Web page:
Why Imperfect Progress Helps Pummel Your Perfectionism


Anything in life worth doing at all is worth doing poorly, until you learn how to do it well.
-Zig Ziglar

Perfectionism wreaks so much havoc in our lives. At work we fail to take action on an issue or challenge because none of the solutions offered are without some negative consequence. We resist learning a new skill because we aren’t “good at it” the first time, or worse yet, we’re afraid to show our mistakes to others.

If your perfectionist tendencies are serving as a mental and physical roadblock to moving forward in some area of your life, stop and reflect on the phrase “imperfect progress.” You’ll find it has a tremendous way of reshaping the way you think about doing something new or in a different way. Here’s why:

It reduces the pressure.
Just asking yourself, “How can I make imperfect progress with ________________?” (insert current situation where perfectionism is holding you back) gives you permission to make mistakes. You’re more comfortable taking small steps because the goal is not getting something exactly right… it’s simply moving forward. Then, as the days and weeks of imperfect progress add up, you’ll be amazed at how far you’ve come.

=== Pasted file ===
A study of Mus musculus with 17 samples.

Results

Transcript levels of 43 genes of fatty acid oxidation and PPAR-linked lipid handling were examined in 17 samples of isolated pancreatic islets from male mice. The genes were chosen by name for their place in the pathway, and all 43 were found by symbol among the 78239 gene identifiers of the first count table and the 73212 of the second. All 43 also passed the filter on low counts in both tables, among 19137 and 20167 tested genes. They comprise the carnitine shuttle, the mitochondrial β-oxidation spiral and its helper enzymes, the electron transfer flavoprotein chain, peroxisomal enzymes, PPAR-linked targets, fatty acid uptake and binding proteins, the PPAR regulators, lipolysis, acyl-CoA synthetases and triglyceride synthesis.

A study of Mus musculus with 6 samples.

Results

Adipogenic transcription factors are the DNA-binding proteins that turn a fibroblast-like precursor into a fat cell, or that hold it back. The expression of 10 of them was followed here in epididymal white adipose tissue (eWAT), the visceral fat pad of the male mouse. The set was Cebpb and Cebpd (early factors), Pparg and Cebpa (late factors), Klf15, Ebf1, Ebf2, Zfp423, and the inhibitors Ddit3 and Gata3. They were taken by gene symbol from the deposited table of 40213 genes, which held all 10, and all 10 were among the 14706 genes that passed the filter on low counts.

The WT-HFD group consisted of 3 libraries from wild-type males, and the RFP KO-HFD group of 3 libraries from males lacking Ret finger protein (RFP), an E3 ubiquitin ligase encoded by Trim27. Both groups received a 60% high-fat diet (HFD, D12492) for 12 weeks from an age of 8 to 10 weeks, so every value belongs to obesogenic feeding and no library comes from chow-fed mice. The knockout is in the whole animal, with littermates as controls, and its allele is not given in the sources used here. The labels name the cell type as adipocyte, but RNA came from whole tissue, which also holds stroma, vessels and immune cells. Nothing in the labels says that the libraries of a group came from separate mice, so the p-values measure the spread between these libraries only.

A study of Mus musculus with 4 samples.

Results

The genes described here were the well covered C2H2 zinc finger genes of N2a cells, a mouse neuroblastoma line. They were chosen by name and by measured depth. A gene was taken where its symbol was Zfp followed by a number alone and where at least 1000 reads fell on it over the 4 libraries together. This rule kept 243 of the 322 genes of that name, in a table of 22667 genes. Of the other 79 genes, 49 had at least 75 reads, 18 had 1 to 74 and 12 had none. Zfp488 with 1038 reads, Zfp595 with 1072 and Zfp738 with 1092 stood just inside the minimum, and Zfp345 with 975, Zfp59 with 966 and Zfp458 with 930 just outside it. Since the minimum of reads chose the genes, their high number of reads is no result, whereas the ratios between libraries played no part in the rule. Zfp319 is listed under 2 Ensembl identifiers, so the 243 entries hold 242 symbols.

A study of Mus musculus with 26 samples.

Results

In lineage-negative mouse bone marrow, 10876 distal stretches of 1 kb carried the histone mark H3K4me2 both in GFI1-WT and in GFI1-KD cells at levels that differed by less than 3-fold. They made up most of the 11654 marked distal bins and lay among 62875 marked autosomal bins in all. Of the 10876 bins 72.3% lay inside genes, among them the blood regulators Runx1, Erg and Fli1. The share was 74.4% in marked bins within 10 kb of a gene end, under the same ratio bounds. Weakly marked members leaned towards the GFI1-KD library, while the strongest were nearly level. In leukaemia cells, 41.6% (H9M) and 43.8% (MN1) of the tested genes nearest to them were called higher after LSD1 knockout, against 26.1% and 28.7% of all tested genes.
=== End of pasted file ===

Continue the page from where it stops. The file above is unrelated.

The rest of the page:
It creates a more positive learning environment.
Think about the energy you had to learn and try new things when you were a child. Even if you failed, your teacher or coach (if they weren’t a perfectionist) reminded you of where you had made progress on learning the new skill. As we get older, we often lose that love of learning because we feel pressure (from ourselves and/or others) to excel at it the first time. Imperfect progress reminds us of how we best learn a new skill… by trying it to get feedback on where we are, and then making changes to improve the outcome the next time we try it.

It inspires others which inspires you to keep going.
When you’re willing to try something new, make mistakes, and then share your journey with others, you’ll find that it helps them find the motivation to move beyond their perfectionist tendencies. Watching their willingness to make imperfect progress serves to reinforce your own decision that you made the right choice.

Where do you need to use the idea of imperfect progress to move forward?